The numbers didn’t look quite right. Cool Springs Baptist Church in Enterprise, with a membership of 125 and an average of 20–25 in weekly attendance, had a Vacation Bible School enrollment of 5,363 in 2021.
Yes, 5,363 is correct because they offered VBS online.
Patty Burns, VBS strategist for the Alabama Baptist State Board of Missions, said, “I recently had the privilege to talk with Nancy Jankoski from Cool Springs Baptist. When I heard that through her efforts more than 5,000 boys, girls, teens and adults were enrolled in VBS 2021, I knew I had to meet her.
“What an inspiring and encouraging story this is,” Burns said. “Through in-person Vacation Bible School events at this small church, plus virtual VBS lessons posted on social media pages, the love of Jesus and the gospel story were shared, not just in Coffee County but around the world. Nancy used her talents, joined them with the talents of others and created a VBS event that impacted more lives than she probably ever imagined.
“I pray that other churches and VBS leaders will be inspired to think big, to reach far and to remember that with God all things are possible.”
Cool Springs’ VBS numbers also caught the attention of Lifeway Christian Resources representatives, and they called Sandy Harmann at the State Board of Missions to double-check.
“He said, ‘I know this is wrong, so if you don’t hear an answer back, I’ll change it,’” said Harmann, an SBOM ministry assistant who regularly inputs figures from Annual Church Profile reports from local congregations. “So I called Nancy, and she said, ‘No, I know it seems like a lot, but that is correct.’”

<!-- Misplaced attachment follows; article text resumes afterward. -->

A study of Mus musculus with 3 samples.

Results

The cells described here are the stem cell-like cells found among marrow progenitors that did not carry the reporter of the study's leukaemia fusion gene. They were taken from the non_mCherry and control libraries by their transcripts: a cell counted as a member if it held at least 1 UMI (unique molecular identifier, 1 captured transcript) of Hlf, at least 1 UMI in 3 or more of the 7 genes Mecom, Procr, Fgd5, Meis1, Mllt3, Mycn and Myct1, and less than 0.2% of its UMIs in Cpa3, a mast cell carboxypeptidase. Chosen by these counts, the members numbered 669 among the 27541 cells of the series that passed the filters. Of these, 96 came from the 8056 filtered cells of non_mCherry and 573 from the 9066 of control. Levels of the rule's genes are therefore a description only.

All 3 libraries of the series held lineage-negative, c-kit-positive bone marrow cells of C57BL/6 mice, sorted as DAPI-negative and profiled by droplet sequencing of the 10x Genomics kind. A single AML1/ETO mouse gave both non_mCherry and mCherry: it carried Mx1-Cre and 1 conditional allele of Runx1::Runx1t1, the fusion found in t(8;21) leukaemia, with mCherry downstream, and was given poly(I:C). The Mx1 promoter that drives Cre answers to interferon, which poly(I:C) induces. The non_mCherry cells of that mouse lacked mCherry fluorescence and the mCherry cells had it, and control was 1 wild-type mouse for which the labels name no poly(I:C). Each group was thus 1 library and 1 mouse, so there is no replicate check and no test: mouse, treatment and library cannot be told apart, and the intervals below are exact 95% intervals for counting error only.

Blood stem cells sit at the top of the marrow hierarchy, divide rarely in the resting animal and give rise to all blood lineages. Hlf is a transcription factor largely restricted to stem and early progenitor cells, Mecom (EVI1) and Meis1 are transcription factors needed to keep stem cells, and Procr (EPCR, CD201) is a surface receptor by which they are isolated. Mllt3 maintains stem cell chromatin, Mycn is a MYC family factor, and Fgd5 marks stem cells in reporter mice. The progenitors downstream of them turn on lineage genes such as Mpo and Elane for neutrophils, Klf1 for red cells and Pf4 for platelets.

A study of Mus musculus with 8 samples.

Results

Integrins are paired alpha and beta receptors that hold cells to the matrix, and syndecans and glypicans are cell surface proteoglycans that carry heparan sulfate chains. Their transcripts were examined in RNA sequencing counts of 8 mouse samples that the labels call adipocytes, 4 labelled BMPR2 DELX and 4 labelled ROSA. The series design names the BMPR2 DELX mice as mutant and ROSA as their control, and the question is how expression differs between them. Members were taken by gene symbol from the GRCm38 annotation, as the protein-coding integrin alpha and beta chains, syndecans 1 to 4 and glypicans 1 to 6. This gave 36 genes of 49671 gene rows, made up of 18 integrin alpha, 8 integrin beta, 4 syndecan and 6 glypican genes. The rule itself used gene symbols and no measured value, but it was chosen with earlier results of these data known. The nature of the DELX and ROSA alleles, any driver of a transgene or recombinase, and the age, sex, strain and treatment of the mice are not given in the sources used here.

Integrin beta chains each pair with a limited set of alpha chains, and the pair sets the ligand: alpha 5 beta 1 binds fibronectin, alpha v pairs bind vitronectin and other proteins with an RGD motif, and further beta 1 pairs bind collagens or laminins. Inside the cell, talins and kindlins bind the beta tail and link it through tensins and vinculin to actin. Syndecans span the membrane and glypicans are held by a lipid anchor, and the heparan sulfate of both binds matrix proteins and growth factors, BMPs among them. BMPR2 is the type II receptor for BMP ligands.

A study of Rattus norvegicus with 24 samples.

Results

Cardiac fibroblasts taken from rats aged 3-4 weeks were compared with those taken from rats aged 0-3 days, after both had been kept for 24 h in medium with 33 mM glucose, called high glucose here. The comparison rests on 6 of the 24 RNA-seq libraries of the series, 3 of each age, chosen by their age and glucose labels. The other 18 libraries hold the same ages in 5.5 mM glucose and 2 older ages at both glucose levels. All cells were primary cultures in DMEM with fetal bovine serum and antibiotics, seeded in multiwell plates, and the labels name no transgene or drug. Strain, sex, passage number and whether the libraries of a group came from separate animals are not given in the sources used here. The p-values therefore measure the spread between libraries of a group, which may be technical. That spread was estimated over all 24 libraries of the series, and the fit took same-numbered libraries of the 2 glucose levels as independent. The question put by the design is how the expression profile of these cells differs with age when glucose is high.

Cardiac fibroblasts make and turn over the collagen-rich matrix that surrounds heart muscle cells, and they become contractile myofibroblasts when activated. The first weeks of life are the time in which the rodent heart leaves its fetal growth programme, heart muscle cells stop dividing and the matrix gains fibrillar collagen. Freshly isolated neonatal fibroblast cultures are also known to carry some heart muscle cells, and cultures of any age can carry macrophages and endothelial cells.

In the world of Nancy Jankoski, VBS director at Cool Springs, the numbers made perfect sense. They were something for which God had paved the way — starting with her job.
“Up until 2020 I was working as a director of religious education for Fort Rucker near our church,” she said. “When the funding for that job got cut, I switched to another job on post, and that freed me up to do more work at the church where my (late) husband was serving as a part-time pastor (at the time).”
It also gave her the opportunity to contact all the people she had known at Fort Rucker in the past. She let them know her department was being cut, but they could receive a personal newsletter she would send out regularly with Bible study resources.
The list grew and grew.
“Rucker is the kind of base where people may be there a few weeks or up to a year and a half and then they move on,” Jankoski said. “Many go to areas that are very remote, or they may be out in the Pacific Northwest where it’s difficult to find evangelical churches of any kind.”
Continuing an internet presence for them through Cool Springs was easy. John Boss, the church’s pastor at the church before Jankoski’s husband had set up podcasting equipment before the COVID-19 pandemic ever hit.
When the pandemic hit, it encouraged her to try another new thing, doing VBS online. It met a bigger need than that of her immediate congregation. It gave her the opportunity to provide VBS for all the Fort Rucker families who got her newsletter.
That’s how Cool Springs ended up with an enrollment of 5,363 in 2021.
“We have a couple of people in the Middle East and other remote parts of the world. They’re still participating by logging in to our Bible study sites or YouTube channel,” Jankoski said.
She noted that while she had the benefit of being so close to a military post, every church has a missions field in its backyard.
“Whether a church is located near a military post or not, they can look for the missions, soup kitchens, women’s shelters, all kinds of places that might be the hands and feet of Jesus carrying the gospel to folks, and then work alongside them to be out in the world,” Jankoski said.